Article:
BENWOOD - Benwood Police Chief Frank Longwell has "walked" the beat during nearly 30 years in law enforcement, but now he also runs the treadmill most days as he seeks to shed pounds accumulated during his career.
Longwell - who turned 50 on Dec. 27 - has lost 67 pounds in the past three years. He reports his current weight at about 340 pounds, and his goal is to lose another 40 pounds this year to make his target weight of 300.
Longwell stands 6-feet, 1-inch tall.
Benwood Police Chief Frank Longwell works out at the Ryan Ferns Healthplex in Benwood.
"I feel great," he said. "I can get on the treadmill and run 3 miles. Before I started, it was a chore to even walk on the treadmill."
Longwell said he was inspired to start losing weight three years ago during treatment for a heart rhythm disorder. At the time, he weighed 407 pounds. Longwell said doctors told him then he needed to get his weight under control, or that he would face "serious health trouble down the road."
Longwell said he works out at least four nights a week. He said his vital signs have improved 50 percent since he started his diet and exercise routine, and his waist size has dropped from 54 inches to 44 inches.
He said he does plan to eat more green vegetables in the coming months, but added food portion size has actually been a more contributing factor to his weight gain than "eating junk."
"I've eaten healthy, but I've always eaten too much," Longwell said. "I've always said if I could eat one Domino's pizza, I could eat two. But two Domino's pizzas (at a time) is a problem. You can't do that."
Longwell described himself as someone who has always "been active." He grew up on a farm, and as a student at John Marshall High School in the early 1980s he played football and was a state wrestling champion in the 210-pound weight class.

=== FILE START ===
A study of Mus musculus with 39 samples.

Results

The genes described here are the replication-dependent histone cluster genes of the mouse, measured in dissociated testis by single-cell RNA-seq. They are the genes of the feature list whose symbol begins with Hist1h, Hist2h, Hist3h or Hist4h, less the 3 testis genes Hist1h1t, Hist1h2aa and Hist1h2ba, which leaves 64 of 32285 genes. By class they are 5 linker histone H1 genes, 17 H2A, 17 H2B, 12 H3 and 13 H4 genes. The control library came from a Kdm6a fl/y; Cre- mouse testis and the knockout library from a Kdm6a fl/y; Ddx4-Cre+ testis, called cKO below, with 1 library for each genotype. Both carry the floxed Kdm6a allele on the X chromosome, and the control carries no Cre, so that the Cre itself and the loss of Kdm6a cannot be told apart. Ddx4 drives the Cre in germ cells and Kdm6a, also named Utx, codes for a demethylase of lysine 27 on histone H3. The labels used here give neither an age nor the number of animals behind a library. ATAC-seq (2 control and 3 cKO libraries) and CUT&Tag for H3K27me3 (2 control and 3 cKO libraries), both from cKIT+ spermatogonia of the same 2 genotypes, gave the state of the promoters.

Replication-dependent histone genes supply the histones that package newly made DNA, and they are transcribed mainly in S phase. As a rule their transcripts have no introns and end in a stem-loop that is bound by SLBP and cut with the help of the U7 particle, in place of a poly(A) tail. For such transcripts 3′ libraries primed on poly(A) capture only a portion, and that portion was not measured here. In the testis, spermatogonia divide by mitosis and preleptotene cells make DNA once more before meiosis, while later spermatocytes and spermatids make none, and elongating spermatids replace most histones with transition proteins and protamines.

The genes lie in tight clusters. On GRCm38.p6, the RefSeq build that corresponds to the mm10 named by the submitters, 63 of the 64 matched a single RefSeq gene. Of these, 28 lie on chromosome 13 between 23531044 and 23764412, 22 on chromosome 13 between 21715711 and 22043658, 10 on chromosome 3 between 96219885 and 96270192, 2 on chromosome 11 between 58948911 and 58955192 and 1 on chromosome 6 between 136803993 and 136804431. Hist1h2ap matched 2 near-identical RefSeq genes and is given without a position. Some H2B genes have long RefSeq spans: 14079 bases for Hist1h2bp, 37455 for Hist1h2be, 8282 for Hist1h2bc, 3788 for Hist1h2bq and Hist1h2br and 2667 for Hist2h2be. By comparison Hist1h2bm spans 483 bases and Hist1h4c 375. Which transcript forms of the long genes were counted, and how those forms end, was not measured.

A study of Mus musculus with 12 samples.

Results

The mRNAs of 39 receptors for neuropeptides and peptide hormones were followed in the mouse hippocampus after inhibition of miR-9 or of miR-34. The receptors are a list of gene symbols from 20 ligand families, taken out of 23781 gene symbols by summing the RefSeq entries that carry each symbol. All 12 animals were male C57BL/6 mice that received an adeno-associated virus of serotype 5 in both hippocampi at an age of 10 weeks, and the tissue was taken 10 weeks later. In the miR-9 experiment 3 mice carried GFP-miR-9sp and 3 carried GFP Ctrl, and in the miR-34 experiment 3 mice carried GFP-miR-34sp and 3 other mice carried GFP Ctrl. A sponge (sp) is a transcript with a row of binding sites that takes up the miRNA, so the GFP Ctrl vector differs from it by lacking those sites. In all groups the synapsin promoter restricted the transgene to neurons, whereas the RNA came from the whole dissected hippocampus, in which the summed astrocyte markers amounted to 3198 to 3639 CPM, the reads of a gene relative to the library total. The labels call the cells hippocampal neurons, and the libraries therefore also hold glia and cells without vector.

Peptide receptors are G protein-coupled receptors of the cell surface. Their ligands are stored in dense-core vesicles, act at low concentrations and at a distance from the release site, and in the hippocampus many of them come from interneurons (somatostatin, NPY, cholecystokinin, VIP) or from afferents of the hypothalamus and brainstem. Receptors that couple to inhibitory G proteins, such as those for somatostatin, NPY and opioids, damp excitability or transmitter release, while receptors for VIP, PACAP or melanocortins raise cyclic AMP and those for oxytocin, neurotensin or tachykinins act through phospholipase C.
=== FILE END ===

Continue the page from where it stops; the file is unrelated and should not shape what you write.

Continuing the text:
"I've always had great strength," he said. "I bench pressed 425 pounds when I was in high school. It's just the overeating and the lack of cardio (exercise) caught up with me."
Longwell said he grew up in an Italian family where his grandparents encouraged him to eat everything on his plate, and he consequently developed a ravenous appetite. They would tell the rest of the family to "eat all of your food, and if you can't give it to Frankie Joe - he'll eat it."
"Bad eating habits are formed in youth, and obesity starts when you are young," Longwell said. "Then the heavier you get, the harder it is to get rid of what accumulates."
And Longwell has realized today's officers need to be both meaner and leaner.
"When I was a younger cop, I noticed many of my colleagues didn't make it over age 70," Longwell said. "They did a lot of smoking and drinking, and they didn't get much exercise. Sometimes this can be a pretty sedentary job. Overall, they had bad health."
But law enforcement agents now often look past the doughnuts and opt for more healthy fare, he continued.
"Younger officers are smarter today," Longwell said. "They rarely smoke or drink alcohol, and they stay away from the sweets. They exercise more. It's turned around the industry. Police officers today are much more health-minded, and they will live longer."
He added he really doesn't eat sweets, but has a passion for food rich in carbohydrates - such as pasta and bread.
"I really haven't eaten any food I didn't like," Longwell said. "I like Italian dishes ... Chinese food .... I really like steaks. It's all good."